As part of a collaborative venture between Tangaroa Blue Foundation, Reef Catchments and Reef Check Australia students embarked on a journey of a lifetime known as the Marine Classroom. Students jumped aboard the SV Whitehaven and headed out to the spectacular Mackay Islands to learn about the impacts of marine debris, weeding and pest management, and reef monitoring methodologies.
Many play areas have soft fall surfaces made of recycled rubber tyres applied as small pieces of crumb (1-5 mm in size). The use of rubber crumb in playgrounds and synthetic sports fields has been around for over a decade, although there has been a recent increase in investment in this product to try and deal with the more than 48 million tyres reaching end of life every year in Australia.
The final Cape York clean-up of the year is done and dusted, and what a massive one it was! In mid October, 20 Tangaroa Blue volunteers and staff headed up to the tip of Australia to clean-up the 5 Beaches Loop track with the Apudthama Rangers.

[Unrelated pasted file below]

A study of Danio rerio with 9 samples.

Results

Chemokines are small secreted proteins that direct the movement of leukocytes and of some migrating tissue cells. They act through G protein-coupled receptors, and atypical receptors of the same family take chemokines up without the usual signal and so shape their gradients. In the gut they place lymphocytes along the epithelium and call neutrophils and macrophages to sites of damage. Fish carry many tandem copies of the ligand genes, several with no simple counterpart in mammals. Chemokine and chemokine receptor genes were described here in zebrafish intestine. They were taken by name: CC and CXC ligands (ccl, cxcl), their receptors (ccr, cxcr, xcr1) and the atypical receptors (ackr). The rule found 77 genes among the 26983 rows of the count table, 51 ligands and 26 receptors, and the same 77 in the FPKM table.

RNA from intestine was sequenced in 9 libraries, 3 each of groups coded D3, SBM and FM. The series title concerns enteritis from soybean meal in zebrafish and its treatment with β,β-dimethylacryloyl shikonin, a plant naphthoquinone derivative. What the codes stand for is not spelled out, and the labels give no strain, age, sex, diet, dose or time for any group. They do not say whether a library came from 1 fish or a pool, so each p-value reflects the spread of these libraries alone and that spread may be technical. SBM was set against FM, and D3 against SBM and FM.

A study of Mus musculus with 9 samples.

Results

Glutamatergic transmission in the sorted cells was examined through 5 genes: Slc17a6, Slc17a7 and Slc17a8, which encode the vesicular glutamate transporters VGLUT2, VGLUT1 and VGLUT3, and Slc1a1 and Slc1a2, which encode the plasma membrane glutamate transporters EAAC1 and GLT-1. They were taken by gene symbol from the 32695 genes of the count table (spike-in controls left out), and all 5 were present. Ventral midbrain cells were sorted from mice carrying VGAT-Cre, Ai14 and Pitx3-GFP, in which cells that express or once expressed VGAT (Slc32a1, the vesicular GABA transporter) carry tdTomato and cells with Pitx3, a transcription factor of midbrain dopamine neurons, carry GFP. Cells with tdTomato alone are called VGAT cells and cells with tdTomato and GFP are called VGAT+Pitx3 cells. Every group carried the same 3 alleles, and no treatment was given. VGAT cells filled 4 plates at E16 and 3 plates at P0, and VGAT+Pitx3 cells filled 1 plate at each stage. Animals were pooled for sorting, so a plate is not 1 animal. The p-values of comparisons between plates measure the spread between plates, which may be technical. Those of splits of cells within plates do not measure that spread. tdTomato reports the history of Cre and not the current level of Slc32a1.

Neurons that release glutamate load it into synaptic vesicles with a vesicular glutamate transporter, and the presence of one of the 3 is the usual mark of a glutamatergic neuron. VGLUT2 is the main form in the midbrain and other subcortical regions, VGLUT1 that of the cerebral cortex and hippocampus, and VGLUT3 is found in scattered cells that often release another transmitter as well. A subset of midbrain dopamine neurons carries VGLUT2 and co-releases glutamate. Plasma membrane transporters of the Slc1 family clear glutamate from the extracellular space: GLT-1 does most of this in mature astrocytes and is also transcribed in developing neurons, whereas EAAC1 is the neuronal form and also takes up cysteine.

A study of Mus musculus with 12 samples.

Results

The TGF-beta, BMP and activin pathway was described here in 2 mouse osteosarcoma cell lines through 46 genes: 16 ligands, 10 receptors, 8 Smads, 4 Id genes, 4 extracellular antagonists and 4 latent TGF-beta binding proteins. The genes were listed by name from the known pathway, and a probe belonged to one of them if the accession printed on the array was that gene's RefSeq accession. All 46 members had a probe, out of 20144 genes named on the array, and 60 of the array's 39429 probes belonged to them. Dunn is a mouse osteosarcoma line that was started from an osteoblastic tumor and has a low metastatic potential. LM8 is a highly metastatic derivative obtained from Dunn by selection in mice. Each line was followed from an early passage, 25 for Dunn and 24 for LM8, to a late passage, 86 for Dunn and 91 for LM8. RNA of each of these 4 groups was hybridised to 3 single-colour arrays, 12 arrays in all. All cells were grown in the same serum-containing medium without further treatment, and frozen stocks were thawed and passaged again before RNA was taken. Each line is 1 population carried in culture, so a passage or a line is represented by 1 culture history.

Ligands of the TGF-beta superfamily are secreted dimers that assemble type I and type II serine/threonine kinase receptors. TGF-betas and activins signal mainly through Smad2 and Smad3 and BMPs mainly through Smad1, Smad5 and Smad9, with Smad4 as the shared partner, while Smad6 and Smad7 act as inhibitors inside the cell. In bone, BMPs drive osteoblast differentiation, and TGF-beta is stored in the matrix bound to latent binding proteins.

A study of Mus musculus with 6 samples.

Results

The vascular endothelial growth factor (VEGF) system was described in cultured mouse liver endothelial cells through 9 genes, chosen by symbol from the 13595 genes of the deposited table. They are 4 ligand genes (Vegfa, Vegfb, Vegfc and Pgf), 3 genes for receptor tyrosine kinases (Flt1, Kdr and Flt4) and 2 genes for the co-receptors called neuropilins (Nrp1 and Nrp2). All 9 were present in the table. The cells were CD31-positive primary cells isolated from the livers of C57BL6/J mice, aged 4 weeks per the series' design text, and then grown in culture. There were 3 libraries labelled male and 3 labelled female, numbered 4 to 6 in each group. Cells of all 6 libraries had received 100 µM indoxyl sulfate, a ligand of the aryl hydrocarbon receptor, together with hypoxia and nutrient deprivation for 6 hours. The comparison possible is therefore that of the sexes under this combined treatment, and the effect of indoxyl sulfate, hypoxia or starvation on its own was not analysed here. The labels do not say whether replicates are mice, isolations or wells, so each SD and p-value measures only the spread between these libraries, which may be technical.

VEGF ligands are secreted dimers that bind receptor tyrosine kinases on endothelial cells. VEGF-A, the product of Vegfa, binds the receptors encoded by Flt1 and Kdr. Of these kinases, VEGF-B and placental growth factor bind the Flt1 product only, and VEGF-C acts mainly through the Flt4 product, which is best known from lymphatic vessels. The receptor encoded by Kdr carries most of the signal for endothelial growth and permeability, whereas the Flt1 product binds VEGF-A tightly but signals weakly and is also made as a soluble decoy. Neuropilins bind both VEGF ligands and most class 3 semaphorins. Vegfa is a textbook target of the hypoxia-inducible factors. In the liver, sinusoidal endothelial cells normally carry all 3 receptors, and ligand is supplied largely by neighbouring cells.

The study found that almost half of all debris could be related to land-based sources (litter and dumping on land) and seven per cent to dumping at sea. But 42 per cent of debris could not be related definitively to a source due to the debris breaking down into smaller fragments, which the researchers say highlights the legacy of plastic left in our environment, continually fragmenting into smaller pieces until it is microplastics.
The Tangaroa Blue Foundation, as part of the ReefClean program, has launched the project Rig Recycle, enabling fishers to recycle their used, broken and unwanted tackle at participating Boating, Camping and Fishing (BF) stores. The project aims to reduce the amount of recreational fishing gear going into landfill through a first-of-its kind initiative for the fishing industry.